Authors

  • WINNIE Y. LO,

    1. Veterinary Medical Teaching Hospital, University of California, Davis, 1 Shields Avenue, Davis, CA 95616, Eklin Medical Systems Inc., 1605 Wyatt Drive, Santa Clara, CA 95054

    1. School of Veterinary Medicine, University of California, Davis, 1 Shields Avenue, Davis, CA 95616, Eklin Medical Systems Inc., 1605 Wyatt Drive, Santa Clara, CA 95054, and

    1. Department of Surgical and Radiological Sciences, University of California, Davis, 1 Shields Avenue, Davis, CA 95616, Eklin Medical Systems Inc., 1605 Wyatt Drive, Santa Clara, CA 95054,

    1. Department of Molecular Biomedical Sciences, College of Veterinary Medicine, North Carolina State University, 4700 Hillsborough Street, Raleigh, NC 27606

  • This investigation was funded by an ACVR Resident Research Grant. This investigation was also supported by the University of California, Davis, Center for Imaging Sciences.

Address correspondence and reprint requests to Winnie Y. Lo, at the above address. E-mail: wylo@ucdavis.edu

Abstract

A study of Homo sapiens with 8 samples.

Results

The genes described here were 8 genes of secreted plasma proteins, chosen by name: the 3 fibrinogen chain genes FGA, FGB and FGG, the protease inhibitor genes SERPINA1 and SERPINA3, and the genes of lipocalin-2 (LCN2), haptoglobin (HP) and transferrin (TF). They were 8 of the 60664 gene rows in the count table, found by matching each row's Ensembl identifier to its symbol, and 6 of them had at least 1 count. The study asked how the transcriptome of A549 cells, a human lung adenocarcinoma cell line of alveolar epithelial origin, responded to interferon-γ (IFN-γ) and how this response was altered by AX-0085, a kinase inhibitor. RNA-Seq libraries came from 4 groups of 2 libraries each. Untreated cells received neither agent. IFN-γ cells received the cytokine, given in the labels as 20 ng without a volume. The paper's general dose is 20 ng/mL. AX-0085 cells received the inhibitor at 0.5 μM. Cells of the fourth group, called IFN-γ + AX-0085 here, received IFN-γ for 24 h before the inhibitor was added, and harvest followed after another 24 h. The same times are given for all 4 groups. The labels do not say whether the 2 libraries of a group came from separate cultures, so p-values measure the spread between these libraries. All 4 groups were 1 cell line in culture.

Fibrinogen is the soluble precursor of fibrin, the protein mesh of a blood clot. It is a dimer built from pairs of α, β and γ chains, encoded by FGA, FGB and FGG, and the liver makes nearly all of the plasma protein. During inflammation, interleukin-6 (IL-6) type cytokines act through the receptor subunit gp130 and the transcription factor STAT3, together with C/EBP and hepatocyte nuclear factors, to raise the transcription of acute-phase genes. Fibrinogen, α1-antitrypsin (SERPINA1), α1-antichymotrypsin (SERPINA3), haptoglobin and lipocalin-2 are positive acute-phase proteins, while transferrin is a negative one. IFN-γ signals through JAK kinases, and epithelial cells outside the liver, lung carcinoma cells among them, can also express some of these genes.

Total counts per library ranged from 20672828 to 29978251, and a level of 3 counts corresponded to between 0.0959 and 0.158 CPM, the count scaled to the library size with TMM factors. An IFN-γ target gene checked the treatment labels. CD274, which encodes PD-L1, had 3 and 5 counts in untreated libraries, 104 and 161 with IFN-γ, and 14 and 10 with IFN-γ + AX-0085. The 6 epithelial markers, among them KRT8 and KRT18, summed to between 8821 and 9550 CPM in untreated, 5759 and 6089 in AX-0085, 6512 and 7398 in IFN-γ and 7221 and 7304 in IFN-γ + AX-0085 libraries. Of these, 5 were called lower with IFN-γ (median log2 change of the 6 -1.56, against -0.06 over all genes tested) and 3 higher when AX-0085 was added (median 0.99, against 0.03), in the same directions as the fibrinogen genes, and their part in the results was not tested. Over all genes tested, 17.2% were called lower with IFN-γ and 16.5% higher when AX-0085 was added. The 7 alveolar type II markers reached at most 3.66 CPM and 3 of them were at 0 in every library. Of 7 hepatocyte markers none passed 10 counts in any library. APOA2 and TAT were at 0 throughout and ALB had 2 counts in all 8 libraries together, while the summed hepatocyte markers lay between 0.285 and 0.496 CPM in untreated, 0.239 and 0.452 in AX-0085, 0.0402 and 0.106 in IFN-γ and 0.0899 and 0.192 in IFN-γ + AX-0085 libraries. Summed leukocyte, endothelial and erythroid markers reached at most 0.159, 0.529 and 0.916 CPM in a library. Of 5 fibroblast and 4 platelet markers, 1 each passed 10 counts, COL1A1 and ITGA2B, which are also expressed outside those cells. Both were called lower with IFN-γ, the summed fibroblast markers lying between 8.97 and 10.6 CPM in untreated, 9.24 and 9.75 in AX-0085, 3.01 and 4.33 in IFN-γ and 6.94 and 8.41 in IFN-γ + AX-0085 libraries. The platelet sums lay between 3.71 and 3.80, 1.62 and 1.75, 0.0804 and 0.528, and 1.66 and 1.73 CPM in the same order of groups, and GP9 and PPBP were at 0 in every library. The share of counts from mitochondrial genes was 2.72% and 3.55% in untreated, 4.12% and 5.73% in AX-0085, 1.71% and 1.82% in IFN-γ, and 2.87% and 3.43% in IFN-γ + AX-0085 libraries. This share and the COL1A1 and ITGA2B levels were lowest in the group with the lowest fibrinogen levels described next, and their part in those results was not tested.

Scatter radiation is a source of noise and results in decreased signal-to-noise ratio and thus decreased image quality in digital radiography. We determined subjectively whether a digitally processed image made without a grid would be of similar quality to an image made with a grid but without image processing. Additionally the effects of exposure dose and of a using a grid with digital radiography on overall image quality were studied. Thoracic and abdominal radiographs of five dogs of various sizes were made. Four acquisition techniques were included (1) with a grid, standard exposure dose, digital image processing; (2) without a grid, standard exposure dose, digital image processing; (3) without a grid, half the exposure dose, digital image processing; and (4) with a grid, standard exposure dose, no digital image processing (to mimic a film-screen radiograph). Full-size radiographs as well as magnified images of specific anatomic regions were generated. Nine reviewers rated the overall image quality subjectively using a five-point scale. All digitally processed radiographs had higher overall scores than nondigitally processed radiographs regardless of patient size, exposure dose, or use of a grid. The images made at half the exposure dose had a slightly lower quality than those made at full dose, but this was only statistically significant in magnified images. Using a grid with digital image processing led to a slight but statistically significant increase in overall quality when compared with digitally processed images made without a grid but whether this increase in quality is clinically significant is unknown.